First Steps for Napa Valley Vine Trail Completed
The multiuse path from Vallejo to Calistoga will traverse some of Napa’s most famous vineyards and wineries.
The Yountville dedication.
The first steps have been taken in creating a Napa Valley Vine Trail, a multi-use path, which, when completed in about 10 years, will stretch from the Vallejo Ferry Terminal to Calistoga, a total of almost 50 miles. The ferry connects hikers and bikers to downtown San Francisco.
“The first section was just dedicated in Yountville—about 4,000 feet—financed mainly by the Federal stimulus packages,” says Chuck McMinn of Vineyard 29, who heads a vine trail coalition of 18 community organizations including grape growers, vintners and environmental organizations.
When finished, the 10-foot wide, multiuse path—“for walkers runners, bikers, wheelchairs, everybody”—will traverse some of Napa’s most famous vineyards and wineries. “Any vineyard or winery that fronts on Highway 29 will be within 50 feet of the trail,” McMinn says. Wineries along the way will be asked to designate spaces in existing parking lots for those seeking access to the trail.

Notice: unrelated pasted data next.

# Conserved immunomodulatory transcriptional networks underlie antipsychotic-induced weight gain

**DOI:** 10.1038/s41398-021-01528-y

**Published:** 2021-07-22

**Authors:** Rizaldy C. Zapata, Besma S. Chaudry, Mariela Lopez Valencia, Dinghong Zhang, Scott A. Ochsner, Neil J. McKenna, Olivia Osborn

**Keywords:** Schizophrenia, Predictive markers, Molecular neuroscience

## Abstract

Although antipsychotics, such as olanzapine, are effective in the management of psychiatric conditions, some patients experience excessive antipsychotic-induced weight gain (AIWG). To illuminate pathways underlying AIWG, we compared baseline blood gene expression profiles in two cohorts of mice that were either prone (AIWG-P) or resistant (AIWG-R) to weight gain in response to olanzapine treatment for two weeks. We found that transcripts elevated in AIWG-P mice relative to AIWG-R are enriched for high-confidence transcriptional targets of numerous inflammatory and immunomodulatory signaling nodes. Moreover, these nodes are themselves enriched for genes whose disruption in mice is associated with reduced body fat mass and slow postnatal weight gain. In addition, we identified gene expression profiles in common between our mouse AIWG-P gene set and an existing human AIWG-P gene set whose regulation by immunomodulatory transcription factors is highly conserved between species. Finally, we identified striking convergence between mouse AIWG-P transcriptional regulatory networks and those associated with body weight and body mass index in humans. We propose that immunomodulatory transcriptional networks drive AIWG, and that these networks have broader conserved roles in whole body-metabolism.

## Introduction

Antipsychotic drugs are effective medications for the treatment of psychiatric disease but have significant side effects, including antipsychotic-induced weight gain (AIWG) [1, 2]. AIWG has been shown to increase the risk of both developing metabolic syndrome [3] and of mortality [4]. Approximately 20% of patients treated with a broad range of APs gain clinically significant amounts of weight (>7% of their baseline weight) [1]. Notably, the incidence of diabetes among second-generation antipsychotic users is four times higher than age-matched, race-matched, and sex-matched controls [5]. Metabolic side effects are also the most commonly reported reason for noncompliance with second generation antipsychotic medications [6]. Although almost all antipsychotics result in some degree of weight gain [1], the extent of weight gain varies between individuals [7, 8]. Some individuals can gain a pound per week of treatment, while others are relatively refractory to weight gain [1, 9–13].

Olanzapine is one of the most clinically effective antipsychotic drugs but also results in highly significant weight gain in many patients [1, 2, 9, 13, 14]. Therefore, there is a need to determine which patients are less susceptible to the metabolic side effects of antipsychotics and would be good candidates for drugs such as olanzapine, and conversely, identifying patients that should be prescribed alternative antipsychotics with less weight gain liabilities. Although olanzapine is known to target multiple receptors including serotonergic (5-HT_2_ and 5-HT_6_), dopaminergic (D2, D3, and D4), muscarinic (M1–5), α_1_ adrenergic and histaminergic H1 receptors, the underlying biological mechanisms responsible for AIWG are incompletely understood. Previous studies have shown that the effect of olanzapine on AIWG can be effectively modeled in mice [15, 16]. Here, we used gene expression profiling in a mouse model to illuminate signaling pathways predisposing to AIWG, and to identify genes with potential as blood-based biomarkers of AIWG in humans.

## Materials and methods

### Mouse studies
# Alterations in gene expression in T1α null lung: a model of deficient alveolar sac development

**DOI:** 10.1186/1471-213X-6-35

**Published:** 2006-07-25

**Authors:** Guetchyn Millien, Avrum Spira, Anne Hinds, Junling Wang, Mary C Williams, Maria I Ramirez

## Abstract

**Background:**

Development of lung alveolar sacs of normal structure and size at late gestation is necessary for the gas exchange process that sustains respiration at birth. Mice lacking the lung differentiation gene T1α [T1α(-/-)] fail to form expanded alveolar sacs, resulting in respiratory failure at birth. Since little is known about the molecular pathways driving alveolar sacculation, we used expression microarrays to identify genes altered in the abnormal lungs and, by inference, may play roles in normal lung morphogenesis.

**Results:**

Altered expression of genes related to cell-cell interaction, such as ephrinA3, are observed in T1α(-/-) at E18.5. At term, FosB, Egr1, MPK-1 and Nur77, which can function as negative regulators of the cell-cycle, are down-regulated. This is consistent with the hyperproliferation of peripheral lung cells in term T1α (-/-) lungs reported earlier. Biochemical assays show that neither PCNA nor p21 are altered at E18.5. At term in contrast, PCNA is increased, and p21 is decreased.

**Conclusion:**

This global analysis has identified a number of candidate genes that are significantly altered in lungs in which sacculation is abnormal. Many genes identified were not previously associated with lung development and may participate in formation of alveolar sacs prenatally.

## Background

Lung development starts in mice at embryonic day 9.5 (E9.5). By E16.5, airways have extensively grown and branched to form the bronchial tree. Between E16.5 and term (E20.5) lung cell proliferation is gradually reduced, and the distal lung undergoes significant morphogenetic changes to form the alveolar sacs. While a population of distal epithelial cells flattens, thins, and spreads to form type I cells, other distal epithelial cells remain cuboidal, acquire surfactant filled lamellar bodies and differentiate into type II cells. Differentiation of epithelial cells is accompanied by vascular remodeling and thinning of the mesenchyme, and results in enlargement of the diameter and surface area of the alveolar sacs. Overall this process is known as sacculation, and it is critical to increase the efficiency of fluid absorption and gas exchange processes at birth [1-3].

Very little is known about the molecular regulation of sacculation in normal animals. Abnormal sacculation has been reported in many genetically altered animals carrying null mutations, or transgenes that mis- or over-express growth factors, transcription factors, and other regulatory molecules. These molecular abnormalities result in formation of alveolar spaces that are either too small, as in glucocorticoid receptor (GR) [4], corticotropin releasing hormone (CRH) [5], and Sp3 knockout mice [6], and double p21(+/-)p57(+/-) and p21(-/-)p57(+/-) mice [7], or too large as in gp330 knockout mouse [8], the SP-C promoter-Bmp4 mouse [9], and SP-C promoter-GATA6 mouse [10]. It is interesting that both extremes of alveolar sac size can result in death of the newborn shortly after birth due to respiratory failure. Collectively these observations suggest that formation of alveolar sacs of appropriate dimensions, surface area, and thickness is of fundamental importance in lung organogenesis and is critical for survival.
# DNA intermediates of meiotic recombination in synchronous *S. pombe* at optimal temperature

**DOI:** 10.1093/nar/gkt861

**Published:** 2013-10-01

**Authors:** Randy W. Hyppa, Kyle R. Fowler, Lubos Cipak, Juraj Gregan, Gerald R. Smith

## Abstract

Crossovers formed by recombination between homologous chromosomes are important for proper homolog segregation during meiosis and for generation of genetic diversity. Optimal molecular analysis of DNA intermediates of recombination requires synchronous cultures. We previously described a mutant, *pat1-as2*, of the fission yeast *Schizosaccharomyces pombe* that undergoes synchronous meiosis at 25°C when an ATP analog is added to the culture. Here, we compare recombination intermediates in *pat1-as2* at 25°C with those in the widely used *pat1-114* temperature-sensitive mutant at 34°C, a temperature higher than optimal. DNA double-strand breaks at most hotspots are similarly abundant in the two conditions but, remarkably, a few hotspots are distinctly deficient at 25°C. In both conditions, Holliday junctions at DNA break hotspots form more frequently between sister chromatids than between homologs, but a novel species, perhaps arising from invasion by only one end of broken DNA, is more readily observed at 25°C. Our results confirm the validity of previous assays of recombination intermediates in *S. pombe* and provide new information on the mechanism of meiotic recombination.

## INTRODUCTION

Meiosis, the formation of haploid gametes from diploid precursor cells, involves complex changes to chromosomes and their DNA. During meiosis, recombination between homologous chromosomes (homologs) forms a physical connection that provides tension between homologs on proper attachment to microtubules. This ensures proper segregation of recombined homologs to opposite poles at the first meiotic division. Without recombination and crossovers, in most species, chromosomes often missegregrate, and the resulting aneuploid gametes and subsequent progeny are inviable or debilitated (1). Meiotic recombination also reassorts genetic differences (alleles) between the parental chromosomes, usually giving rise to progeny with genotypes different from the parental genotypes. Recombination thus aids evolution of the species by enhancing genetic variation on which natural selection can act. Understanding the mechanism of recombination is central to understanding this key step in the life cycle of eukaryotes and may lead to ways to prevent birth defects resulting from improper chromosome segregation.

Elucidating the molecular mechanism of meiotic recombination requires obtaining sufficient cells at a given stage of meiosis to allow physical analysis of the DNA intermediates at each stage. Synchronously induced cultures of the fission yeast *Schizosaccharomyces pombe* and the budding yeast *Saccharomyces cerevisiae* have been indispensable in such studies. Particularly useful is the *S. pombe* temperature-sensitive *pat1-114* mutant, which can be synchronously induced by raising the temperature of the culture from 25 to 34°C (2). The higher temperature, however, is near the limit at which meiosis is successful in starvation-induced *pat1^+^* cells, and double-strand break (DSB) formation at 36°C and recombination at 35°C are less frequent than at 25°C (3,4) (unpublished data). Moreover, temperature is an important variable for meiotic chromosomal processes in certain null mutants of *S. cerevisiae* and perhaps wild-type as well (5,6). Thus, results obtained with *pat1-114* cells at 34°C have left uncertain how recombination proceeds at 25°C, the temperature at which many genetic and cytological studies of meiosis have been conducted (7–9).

“The trail won’t just be for tourists,” McMinn says, “as studies show that at least half of the usage will be by local residents.” About 7.5 miles of the trail already exists in rough form, and easements for the rest are expected to be obtained over the next year. “All the owners we have talked with are enthusiastic,” McMinn says.
The trail is expected to cost about $45 million, including engineering studies and building it, with a majority coming from federal and states monies released over the 10-year period.